I am in a similar situation as far as being better off than at least one, and arguably both of my parents. My mother is taking care of herself well enough. My father is in pretty rough shape, financially, due to a combination of bad luck and poor choices. Neither has ever asked me for money, nor have I offered (other than trying to pay back my mother for money she gave me for college, which she declined) or other support. Neither has compared my financial situation to theirs that I recall. In general I am not as generous as I could or perhaps should be, both to my relatives and to charities. I don't feel too bad about it most of the time.
Perhaps my initial cynicism in my response was because I am also in a similar situation and always have been, well at least since around college. My mother used to kind of ask me for things, get me to do things for her that ended up costing me money, etc. None of this was a lot of dollars, it was the principle. She'd do things like invite me to dinner then expect me to pay - because I had lots of money. Or ask me to stop and pick up a few things on the way over to see her, which I never got paid back for. It was never so blatant as to say "can I have $XXX."
At first I was too stupid to see what was going on. Then, when I caught on I just stopped. It seems kind of petty because it was not money I'd even miss, but then she'd start with little statements like you described - "Oh you guys are so lucky"...."You can afford to ..." that kind of thing. She's not very manipulative so it was just kind of subtle things that seemed to be to make me feel obligated. It may not have even been intentional. It could very well have been subconscious on her part.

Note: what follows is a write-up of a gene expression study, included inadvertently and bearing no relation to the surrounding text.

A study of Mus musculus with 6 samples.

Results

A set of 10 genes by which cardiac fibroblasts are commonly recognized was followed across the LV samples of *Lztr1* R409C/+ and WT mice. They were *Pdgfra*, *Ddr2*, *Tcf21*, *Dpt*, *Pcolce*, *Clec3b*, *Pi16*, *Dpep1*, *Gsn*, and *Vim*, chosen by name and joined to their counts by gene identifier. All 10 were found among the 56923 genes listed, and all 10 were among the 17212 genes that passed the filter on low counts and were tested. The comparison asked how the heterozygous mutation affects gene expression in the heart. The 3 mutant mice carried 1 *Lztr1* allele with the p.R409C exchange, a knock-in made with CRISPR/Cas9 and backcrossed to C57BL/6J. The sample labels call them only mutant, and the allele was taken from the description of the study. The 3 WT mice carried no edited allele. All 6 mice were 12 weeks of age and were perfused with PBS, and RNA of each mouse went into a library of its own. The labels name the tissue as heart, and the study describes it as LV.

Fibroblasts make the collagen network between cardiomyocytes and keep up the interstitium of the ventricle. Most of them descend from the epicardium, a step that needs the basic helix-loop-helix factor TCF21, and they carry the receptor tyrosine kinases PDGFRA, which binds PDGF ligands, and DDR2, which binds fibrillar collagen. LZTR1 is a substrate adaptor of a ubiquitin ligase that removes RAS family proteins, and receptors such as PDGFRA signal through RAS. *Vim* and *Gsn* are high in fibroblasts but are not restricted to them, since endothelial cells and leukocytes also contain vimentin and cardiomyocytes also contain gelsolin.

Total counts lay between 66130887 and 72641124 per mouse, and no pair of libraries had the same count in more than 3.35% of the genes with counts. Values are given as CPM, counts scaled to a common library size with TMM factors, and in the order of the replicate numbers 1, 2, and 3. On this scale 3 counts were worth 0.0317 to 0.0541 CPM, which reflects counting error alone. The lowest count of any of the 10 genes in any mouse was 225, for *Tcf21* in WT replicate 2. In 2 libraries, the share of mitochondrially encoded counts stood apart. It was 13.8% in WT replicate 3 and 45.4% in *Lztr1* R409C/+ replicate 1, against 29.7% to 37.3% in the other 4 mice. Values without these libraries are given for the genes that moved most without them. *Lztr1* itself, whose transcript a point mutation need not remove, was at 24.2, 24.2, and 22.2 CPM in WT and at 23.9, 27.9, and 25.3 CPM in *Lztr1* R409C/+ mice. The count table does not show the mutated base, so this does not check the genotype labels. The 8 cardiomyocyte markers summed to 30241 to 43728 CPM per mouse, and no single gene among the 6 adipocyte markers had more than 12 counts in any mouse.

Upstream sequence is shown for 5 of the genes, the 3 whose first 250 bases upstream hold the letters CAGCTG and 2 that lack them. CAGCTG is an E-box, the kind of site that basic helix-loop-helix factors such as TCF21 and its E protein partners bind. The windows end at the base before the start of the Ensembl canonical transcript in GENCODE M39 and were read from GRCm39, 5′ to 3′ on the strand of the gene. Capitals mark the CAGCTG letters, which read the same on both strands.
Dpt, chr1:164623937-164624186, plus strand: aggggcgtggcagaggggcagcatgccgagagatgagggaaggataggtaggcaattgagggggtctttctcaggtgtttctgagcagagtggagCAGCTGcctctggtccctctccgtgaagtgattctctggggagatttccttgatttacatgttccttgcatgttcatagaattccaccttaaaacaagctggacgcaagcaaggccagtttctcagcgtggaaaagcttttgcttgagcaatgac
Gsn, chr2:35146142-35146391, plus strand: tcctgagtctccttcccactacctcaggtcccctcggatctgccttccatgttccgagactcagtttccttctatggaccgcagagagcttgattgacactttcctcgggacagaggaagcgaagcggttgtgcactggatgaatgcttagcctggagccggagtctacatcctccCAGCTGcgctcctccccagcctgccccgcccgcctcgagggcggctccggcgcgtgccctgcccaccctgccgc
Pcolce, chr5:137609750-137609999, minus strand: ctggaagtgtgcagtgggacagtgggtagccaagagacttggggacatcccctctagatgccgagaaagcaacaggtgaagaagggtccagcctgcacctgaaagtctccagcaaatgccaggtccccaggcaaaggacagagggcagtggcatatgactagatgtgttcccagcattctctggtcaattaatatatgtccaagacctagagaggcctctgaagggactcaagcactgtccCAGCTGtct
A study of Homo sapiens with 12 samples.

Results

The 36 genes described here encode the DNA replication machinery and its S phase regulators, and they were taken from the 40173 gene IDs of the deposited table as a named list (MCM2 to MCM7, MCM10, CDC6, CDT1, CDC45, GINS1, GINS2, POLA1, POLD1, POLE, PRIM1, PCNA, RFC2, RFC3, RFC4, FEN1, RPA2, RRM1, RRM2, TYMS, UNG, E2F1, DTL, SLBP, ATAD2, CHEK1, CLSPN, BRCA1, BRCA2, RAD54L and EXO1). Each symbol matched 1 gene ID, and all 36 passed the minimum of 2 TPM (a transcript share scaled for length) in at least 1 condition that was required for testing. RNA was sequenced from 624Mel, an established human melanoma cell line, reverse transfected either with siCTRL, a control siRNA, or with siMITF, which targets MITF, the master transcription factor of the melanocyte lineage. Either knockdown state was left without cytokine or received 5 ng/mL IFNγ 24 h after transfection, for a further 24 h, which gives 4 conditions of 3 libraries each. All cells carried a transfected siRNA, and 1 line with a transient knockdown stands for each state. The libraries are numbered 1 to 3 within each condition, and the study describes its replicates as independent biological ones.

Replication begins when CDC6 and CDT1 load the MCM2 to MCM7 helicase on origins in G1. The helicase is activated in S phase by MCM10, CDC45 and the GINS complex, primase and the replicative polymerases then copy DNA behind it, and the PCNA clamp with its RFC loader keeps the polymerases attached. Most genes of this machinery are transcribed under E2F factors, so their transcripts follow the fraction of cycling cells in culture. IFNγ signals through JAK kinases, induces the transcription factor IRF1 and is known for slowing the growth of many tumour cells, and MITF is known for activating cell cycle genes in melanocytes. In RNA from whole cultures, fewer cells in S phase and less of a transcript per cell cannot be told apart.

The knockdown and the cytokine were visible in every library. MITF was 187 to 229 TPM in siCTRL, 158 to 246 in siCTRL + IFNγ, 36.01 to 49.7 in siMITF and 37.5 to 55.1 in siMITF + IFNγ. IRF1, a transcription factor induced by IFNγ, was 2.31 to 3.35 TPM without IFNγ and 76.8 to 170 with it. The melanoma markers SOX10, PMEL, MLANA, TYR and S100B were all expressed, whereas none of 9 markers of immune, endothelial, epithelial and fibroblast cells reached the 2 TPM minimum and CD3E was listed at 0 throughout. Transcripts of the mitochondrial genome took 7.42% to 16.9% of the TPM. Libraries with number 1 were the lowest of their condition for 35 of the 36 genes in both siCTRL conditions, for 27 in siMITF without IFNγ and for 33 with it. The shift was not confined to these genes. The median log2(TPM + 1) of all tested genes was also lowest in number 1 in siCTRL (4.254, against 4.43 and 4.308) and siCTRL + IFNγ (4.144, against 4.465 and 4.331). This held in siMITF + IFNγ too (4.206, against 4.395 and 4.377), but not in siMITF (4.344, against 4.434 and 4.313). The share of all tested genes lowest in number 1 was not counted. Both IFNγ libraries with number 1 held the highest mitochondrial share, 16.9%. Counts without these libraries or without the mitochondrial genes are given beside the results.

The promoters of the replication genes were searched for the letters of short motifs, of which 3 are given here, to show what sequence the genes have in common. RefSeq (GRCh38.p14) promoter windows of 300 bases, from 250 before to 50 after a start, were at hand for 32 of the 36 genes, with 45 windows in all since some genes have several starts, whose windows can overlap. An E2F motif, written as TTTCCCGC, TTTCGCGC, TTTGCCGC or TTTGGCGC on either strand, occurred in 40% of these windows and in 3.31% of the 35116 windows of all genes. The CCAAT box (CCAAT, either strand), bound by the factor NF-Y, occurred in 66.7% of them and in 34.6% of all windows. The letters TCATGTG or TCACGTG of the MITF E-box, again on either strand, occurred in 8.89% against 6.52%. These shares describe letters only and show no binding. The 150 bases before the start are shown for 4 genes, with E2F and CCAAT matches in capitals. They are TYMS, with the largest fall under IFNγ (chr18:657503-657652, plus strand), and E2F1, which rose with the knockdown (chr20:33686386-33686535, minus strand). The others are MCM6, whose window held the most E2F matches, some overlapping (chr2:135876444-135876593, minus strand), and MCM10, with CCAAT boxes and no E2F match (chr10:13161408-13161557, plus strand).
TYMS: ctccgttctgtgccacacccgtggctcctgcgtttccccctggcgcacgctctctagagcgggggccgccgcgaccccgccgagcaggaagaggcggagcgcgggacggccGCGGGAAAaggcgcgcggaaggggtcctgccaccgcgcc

I guess the similarity to the statement quoted is what set off alarm bells!
Then she won the lottery - I'm not kidding. It wasn't millions but it was many tens of thousands. At that point she had more money than my wife any I. I suggested she invest most of it. It was the mid 90s. If she'd done as I suggested she'd easily be a millionaire now. Instead I watched her systematically blow all of it over less than ten years. I knew when it was gone because she started asking for little favors again. But I simply ignored anything she said about that kind of thing.
She has long since learned not to even bring up money. She still makes comments about how we can afford anything we want. (Of course that might be true but only because our "wants" are modest.) Sometimes it is very hard to hold my tongue and not point out that she had an unbelievable opportunity when she won the money.
She is not destitute. She is married, gets social security now, and her husband has a pretty good pension as well as social security. So we are not talking about saving her from starvation. But there is no way I'd give her anything that wasn't a true emergency.
But unlike you Stannius, I think the experience has made me MORE generous. A large part of the reason my wife and I have so much is because we live well below our means and always have. We do both have high incomes, live in a low cost area, and have saved a lot over the years. We have way more than we will ever need.
So we do give quite a bit to what we consider worthy causes. But the criteria are fairly clear - we only give to "people" causes when we are helping people help themselves. We don't support any organization that just gives handouts to people. We look pretty closely at what the organization does before giving anything then we try to be generous and loyal with our support. We have similarly been generous to other family members in the past. But it's always a one-strike-and-you're-out situation.
And I don't feel guilty about any of it either!